Thursday, February 04, 2016

"Silent Sky" twinkles brightly!

Hana Lass and Candace Vance in Silent Sky (John Ulman)
Silent Sky
Taproot Theatre
Through February 27, 2016

Talented and prolific playwright, Lauren Gunderson, loves science and scientists. She also loves to reveal the accomplishments of real women whom most of us have never heard about. Gunderson has been produced before in Seattle. Emilie: La Marquise du Ch√Ętelet Defends Her Life Tonight, and Exit, Pursued By a Bear, and The Taming were all produced at ArtsWest. Now, her play, Silent Sky, is at Taproot Theatre with a terrific cast.

Gunderson’s fascination with scientific women is a boon to us all. She not only informs us that they exist, she brings them to life, with hopes, fears, lust, ambition, brilliance, and the willingness to break the societal bonds that tried to keep them from their accomplishments. So, we meet Henrietta Leavitt.

Leavitt was an astronomer who fought all her life to achieve what she did, and volunteered for years at Harvard College Observatory just to be close to their telescope and to work in her field. She lived a fairly short life, dying at 53, as many did at the time, from cancer. But by that point, she had discovered so much about stars that her discoveries allowed other scientists, including Edward Hubble, to determine that the Milky Way was one of billions of galaxies, rather than the only one.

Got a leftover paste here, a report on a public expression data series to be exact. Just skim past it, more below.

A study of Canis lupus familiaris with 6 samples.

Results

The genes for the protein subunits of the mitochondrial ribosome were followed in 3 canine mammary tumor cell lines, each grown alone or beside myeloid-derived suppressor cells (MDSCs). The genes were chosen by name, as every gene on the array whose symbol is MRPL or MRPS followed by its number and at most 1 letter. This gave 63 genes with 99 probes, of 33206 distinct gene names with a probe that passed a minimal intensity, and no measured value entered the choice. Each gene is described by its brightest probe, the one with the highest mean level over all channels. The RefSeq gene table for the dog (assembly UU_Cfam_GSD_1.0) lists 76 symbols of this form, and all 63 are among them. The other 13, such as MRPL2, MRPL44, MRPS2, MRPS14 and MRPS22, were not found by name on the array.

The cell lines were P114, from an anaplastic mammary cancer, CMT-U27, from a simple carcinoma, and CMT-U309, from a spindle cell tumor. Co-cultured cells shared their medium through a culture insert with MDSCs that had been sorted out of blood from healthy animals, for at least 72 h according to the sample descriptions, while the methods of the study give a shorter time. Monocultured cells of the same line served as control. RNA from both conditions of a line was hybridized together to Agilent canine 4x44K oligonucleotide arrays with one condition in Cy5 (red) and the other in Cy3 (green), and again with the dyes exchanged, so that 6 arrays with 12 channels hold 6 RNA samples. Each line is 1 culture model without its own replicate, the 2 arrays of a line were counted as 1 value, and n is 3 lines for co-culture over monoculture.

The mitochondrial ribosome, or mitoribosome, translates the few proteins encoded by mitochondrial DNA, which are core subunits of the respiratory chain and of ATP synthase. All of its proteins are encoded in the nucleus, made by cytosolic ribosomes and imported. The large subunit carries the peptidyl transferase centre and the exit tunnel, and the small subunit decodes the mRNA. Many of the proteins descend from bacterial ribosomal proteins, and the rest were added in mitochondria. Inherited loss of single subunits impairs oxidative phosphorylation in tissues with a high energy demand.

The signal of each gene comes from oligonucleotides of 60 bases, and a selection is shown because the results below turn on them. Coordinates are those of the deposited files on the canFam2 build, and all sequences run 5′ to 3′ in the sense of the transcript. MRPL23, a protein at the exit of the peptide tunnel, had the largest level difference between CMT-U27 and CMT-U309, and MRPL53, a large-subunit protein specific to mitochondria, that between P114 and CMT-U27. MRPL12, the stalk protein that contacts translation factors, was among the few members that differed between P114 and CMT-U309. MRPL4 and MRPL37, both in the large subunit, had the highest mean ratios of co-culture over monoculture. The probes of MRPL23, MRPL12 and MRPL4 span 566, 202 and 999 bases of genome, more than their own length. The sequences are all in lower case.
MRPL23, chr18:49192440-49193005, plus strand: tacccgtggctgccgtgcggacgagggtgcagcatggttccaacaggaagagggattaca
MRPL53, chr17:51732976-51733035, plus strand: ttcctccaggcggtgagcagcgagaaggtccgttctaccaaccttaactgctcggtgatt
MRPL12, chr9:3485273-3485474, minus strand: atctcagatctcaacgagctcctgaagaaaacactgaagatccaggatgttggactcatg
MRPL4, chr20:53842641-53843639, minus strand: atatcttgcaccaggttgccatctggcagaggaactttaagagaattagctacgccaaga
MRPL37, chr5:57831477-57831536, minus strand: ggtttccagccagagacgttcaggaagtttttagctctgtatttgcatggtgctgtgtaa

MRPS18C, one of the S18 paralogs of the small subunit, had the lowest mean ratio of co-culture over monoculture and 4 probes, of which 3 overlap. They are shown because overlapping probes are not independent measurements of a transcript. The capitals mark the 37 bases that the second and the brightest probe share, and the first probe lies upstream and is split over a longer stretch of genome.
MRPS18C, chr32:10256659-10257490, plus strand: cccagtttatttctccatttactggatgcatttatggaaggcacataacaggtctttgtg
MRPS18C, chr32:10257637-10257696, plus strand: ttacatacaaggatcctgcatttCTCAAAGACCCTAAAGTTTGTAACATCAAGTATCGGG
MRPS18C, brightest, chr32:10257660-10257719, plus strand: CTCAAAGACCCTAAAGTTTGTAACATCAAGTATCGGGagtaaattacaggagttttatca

Silent Sky allows this woman to live and breathe, showing the societal constraints she was up against. Leavitt (played by a luminous Hana Lass) is surrounded by a somewhat neglected sister (Candace Vance), two other “computers” and women scientists who achieved much at Harvard despite the condescension, Williamina Fleming (Kim Morris) and Annie Cannon (Nikki Visel), and a male supervisor (endearingly played by Calder Jameson Shilling).

An elegantly spare staging by Mark Lund allows for simple changes in a few furnishings to seamlessly go from the Leavitt home in Wisconsin to Harvard’s astronomy center. Director Karen Lund surely guides the actors in creating the turn of the century atmosphere, with the help of Sarah Burch Gordon’s gorgeous period costuming.

Lass is always compelling and watchable. Here she has to overcome a bit of a languid Act One where not very much “happens,” but the characters are well established. So, her stage charisma is very  much needed. But the rest of the cast totally pull their weight with Morris making great use of her comedic timing and Visel playing an acerbic, bracing and ultimately laudable astronomer, herself. Vance gets the only non-scientist role, but fills in the family story and provides some lovely singing, to boot.

Shilling, the lone male, has a lot to overcome from the box that playwright Gunderson puts his character in. He starts off almost entirely unlikable and then wins the audience over as he also wins Leavitt’s heart. Though there isn’t historically a proof that Leavitt fell in love, it adds some humanity, and struggle, into the character, enlarging her in the entertainment.

Once established, Act Two entices with more emotion in both the human and scientific arenas. Gunderson’s prose here veers into poetic pronouncements about life that are well received. And some lovely lighting (by Amanda Sweger) surprises, allowing for a truly moving ending.

Give this one a go! You’ll learn something and be entranced at the same time.

For more information, go to or call 206-781-9707.